It’s a celebration of our diverse landscape and history. It’s a much-needed rest after a busy start to the year. But for many people, Australia Day is also something of an annual career introspection.

Most professionals have returned to work after the New Year, and the extra public holiday is a chance to ask themselves an important question or two. Am I heading in the right direction? How does my current job fit with my long-term goals? Could there be something better out there, something that represents real growth?

Anyone who is serious about their professional life should not let these questions fade away, or settle for vague answers. Instead, they should take a good look at what effective career planning looks like today. Doing so can help clarify one’s professional direction, and inspire real action toward definite goals.

The unique challenges presented to Millennials are perhaps the best measuring stick of modern career development and where it’s headed. These folks (born in the early 1980s up to the early 2000s) are now entering the key years of their professional lives—and by 2020 (yes, that’s next year!), they’ll account for something like 40% of the global workforce.

The career development of Millennials is different from that of previous generations for two important (and related) reasons. First, Millennials have a different outlook on success. Their definition of a good career trajectory is inseparable from lifestyle, diversity of experience, and overall health. It’s more about living well during one’s busiest professional years, rather than working now to enjoy the fruits later.

The second reason is the mercurial nature of modern business. Never before has there been so much information, so many connections, and so much change—not to mention competition! As the success of individual companies and ideas has become more variable, the recipe for career success has changed.

So—using Millennials as a base, here are three factors that I think every professional should consider as they evaluate their career plans this coming Australia Day.

1. Being Passionate is a Valuable Currency

Tangibles like salary, benefits and job security have long been the priority for most professionals, while loving what you do is a secondary luxury. But the metrics of success, on both individual and organisational levels, are understood differently now. More and more companies want talent who are fully engaged and forward-thinking. Why? Because they know the value such professionals will bring.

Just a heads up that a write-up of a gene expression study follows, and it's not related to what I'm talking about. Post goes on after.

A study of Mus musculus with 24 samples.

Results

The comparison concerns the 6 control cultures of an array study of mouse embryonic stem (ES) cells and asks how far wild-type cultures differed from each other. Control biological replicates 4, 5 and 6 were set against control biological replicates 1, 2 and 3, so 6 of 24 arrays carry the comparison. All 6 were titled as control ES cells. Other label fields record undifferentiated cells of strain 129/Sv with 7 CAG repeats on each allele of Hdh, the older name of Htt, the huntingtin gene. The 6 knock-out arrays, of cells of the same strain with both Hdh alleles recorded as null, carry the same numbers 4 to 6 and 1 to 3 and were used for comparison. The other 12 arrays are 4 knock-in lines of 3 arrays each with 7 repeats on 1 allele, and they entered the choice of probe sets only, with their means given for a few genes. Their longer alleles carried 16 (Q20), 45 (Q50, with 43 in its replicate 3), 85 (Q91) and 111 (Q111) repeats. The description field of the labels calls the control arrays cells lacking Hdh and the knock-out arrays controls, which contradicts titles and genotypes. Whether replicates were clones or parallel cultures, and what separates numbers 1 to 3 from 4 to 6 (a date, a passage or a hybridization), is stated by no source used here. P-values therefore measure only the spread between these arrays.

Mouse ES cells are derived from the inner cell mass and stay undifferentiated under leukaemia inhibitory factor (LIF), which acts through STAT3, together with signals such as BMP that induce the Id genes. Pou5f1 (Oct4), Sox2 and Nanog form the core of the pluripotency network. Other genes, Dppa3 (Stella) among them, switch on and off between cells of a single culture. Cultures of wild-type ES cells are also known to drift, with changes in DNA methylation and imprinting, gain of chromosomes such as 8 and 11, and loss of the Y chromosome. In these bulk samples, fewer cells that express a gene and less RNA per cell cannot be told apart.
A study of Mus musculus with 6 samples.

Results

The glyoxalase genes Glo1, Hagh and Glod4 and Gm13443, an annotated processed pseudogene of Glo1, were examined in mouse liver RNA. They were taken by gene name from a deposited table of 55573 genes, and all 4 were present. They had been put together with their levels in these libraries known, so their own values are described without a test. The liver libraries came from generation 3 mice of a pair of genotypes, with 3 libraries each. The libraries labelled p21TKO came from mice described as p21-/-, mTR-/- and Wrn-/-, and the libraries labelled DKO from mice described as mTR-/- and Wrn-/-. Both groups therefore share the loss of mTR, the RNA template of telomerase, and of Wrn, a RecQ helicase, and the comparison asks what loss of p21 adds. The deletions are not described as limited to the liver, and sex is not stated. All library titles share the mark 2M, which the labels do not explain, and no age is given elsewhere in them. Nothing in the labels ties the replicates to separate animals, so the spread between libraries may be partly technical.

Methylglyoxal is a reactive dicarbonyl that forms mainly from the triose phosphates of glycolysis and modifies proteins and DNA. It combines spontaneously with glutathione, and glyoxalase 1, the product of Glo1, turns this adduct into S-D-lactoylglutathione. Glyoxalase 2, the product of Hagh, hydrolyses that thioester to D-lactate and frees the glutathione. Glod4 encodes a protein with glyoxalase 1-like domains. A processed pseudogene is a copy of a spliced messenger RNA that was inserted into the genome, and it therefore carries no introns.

So how much passion can you offer? If the answer is “not very much,” then your current trajectory may not offer the kind of growth you want. Here’s a mental exercise: Forget about the “safe path” for a moment, and focus entirely on the other aspects of what drives you as a professional—leading, teaching, innovating, or excelling in a given field. When you put happiness and passion in the foreground, you’ll at least gain some perspective. At best, you’ll discover where the most fertile professional ground actually lies.

2. Adroit, Adept and Ready for Change

The traditional model of spending your entire career with a single company has its own advantages—but it’s fast becoming an exception to the rule of change. This doesn’t mean that always scanning for new job opportunities is the way to go. Instead, professionals across many fields are focusing on 1) constantly educating themselves and 2) networking. These things have never been easier to do, and they help create career growth organically, in a way that follows the “current” and creates real opportunities.

In other words, actually changing jobs may not be the immediate answer to career growth. It may be three or four steps away. But there are always measures you can take to stay abreast of change and be a part of it, rather than watching it happen around you. Many professionals find that taking a more proactive approach to education and networking causes doors to open right where they are, in their current job.

3. Tangible Goals Never Go Out of Style

Since every career path is different, I don’t think there’s one perfect recipe for career planning. Every professional must decide for themselves what they really want, and what path can take them the farthest.

Having said that, it never hurts to set concrete goals and work toward them. Once you’ve identified what’s missing in your career, and what kind of growth you’re looking for, a plan of action should never be far away. It may involve education, a meeting with a career consultant, an interview with a certain company whose ideals you connect with, or even working physical health in order to perform better at the workplace. Millennials may be showing the way forward in terms of how careers are developed in the modern age, but setting and keeping goals is truly a perennial practice.